Sunday, September 23, 2012

The role of home field advantage early in the postseason

PBR - I still want to have some fun with the 2012 playoffs, even though the Phillies essentially are eliminated from postseason contention.
 
One of my areas of baseball research includes creating and testing mathematical formulas and statistical models to predict winners against the Las Vegas sportsbooks. Today I'm taking a look at the importance (or lack thereof) of home field advantage in the divisional round of the postseason.
 
According to research by statistician W.D. Kaigh, home clubs won 54.5% of regular season contests between 1985 and 1993. A similar study conducted by Katherine Miller in 2010 concluded that home clubs won 54.2% of regular season contests between 2000 and 2009. For purposes of comparison, home clubs in 2012 (as of Sept. 22) have a home winning percentage of 53.3%.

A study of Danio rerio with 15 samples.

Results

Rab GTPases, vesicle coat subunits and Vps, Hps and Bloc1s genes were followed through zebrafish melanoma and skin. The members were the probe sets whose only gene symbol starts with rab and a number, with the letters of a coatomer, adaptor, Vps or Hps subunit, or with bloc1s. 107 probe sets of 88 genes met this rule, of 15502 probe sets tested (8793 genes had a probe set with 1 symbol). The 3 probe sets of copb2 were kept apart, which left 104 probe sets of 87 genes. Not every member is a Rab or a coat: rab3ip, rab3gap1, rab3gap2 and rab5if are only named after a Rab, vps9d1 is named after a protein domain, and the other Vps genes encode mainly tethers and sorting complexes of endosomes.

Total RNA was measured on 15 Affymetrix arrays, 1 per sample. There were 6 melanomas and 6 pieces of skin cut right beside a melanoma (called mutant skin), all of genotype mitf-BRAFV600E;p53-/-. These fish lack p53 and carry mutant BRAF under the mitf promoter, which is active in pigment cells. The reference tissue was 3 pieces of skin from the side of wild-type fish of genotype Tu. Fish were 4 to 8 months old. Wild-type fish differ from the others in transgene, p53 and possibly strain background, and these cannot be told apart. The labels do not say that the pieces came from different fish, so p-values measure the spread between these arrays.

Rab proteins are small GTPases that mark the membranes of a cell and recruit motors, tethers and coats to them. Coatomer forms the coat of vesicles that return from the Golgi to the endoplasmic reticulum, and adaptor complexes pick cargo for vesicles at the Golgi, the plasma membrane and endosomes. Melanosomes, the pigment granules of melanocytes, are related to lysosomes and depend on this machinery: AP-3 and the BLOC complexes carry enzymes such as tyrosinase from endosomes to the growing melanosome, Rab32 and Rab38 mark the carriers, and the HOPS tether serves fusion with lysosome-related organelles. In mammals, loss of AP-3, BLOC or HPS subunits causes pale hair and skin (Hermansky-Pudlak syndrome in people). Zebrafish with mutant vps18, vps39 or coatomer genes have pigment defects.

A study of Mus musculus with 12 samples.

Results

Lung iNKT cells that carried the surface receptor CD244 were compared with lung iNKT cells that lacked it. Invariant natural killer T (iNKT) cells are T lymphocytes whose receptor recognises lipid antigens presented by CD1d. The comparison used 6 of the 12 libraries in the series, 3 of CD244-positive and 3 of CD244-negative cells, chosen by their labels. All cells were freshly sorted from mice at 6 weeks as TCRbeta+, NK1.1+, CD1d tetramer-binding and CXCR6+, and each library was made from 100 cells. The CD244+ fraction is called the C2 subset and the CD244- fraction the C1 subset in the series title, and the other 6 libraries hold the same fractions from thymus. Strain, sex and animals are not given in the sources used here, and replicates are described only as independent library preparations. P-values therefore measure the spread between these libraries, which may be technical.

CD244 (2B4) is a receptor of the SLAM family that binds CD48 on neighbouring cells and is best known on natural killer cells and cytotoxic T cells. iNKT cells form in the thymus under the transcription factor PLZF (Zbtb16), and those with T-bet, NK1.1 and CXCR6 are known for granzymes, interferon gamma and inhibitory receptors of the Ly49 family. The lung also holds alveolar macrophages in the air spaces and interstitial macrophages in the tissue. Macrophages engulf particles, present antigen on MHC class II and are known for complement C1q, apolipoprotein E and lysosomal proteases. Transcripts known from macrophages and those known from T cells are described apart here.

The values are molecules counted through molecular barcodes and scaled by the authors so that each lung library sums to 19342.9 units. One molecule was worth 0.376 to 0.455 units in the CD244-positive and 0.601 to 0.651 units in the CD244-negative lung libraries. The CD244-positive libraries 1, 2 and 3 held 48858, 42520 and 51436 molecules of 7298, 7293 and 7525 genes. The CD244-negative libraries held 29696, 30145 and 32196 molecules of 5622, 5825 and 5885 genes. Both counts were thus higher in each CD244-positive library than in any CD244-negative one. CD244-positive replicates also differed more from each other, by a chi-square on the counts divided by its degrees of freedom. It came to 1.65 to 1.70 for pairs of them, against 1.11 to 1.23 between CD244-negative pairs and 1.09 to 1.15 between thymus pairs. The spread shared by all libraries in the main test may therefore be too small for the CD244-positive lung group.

I went back and examined playoff results from 2000 through 2011, specifically results in the Division Series (LDS) and Championship Series (LCS) and found home clubs have a 54.2% advantage in the LCS but just a 49.7% advantage in the LDS.
 
The difference between 54.2% and 49.7% may seem negligible, but it truly is significant when playing odds and placing bets. Knowing these figures an educated bettor can ignore the added juice sportsbooks routinely give clubs at home and can search for value, especially in the LDS.
 
Over the next few days I'll be sharing some formulas and models that I've been working on over the past year. I'll also share my predictions against the run lines and odds from TopBet.com.